A Toronto condominium builder says affordability remains a challenge, but there are diversity of housing needs and opportunities in the densely populated region around Canada’s largest city.

“The one thing about our condo market in the (Greater Toronto Area), in my mind, it's not one marketplace. It's made up of many sub-markets that have different needs,” Jim Ritchie, president and CEO of Tridel, told BNN Bloomberg on Tuesday.

Ritchie said Scarborough in east Toronto stands out as an area that he expects will see more high-rise condo development as new transit lines bring more people to the area.

“I think Scarborough is another area that we should be looking at, at least in terms of affordability into the marketplace,” he said.

Other communities around Toronto, including Markham, Mississauga, Vaughan and Oakville are also seeing more market share, Ritchie added.

Despite about 100,000 condominiums currently being built in the region in addition to tens of thousands of purpose-built rentals, Ritchie said developers aren’t able to meet demand given booming population growth.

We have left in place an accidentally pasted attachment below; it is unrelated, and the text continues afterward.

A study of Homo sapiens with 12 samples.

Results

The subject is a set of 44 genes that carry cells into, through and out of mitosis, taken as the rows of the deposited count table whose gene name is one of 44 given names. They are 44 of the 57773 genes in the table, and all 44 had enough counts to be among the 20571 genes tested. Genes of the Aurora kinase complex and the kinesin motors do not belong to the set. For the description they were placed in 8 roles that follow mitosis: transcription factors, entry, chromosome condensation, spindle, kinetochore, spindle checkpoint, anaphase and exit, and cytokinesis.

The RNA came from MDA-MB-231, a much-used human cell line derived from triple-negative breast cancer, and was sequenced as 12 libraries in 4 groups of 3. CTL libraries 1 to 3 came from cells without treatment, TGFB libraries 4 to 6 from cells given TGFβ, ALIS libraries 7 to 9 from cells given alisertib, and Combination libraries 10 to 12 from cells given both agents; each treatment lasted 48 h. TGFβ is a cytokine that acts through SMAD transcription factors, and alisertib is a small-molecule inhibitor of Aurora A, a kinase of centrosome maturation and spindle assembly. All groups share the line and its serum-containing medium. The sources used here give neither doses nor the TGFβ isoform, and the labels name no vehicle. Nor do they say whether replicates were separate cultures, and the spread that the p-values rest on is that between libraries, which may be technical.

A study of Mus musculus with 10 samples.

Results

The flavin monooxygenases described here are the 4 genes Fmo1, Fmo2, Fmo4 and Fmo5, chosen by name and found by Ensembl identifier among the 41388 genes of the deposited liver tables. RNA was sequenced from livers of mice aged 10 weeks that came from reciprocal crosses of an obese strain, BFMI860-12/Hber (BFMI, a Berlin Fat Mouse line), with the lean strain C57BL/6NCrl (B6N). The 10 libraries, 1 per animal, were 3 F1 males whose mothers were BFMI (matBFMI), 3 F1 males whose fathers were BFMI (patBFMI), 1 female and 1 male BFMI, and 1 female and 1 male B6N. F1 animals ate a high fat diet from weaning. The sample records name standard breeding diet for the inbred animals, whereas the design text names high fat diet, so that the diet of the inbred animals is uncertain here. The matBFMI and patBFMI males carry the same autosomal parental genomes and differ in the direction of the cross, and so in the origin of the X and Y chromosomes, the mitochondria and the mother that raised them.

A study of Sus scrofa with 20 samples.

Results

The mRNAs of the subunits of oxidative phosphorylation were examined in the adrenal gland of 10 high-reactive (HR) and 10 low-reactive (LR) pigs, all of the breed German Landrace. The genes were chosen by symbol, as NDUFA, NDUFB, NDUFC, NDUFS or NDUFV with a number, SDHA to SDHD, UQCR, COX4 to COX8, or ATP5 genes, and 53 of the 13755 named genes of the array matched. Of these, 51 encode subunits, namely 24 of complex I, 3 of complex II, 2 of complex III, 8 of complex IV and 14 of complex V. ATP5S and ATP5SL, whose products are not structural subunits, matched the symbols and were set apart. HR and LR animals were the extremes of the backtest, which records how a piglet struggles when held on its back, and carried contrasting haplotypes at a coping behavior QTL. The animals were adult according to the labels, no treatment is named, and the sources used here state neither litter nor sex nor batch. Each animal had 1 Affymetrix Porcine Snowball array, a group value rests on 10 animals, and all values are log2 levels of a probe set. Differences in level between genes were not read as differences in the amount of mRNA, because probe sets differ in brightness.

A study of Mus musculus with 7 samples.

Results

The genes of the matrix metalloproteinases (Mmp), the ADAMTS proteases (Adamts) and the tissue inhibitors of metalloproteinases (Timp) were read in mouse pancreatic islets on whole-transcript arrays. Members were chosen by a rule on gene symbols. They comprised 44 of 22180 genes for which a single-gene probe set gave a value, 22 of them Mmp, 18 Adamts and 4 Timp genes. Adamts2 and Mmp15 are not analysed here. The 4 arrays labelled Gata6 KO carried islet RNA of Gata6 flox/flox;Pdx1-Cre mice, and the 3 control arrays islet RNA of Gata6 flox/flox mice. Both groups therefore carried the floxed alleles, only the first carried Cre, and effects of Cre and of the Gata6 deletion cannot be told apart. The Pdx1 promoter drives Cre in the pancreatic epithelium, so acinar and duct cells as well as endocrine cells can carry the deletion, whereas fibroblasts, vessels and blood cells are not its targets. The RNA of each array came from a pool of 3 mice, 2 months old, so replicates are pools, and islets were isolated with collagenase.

The squeeze on housing supply has made it difficult to make gains on the shortage of affordable housing options for area residents, he added – a topic of focus and debate for political leaders at all levels of government. 

Builders may be “too focused” on smaller units that are easier to sell, but don’t necessarily meet everyone’s lifestyle, Ritchie added, though there is demand for smaller condos in the city among single people, couples without children and small families.

For those looking to buy condos, Ritchie said the units offer “relative affordability” compared with detached homes  that have been selling at average prices above $1 million – but he still would not describe most condo offerings as “affordable.”

“It’s really challenging in terms of affordability,” he said.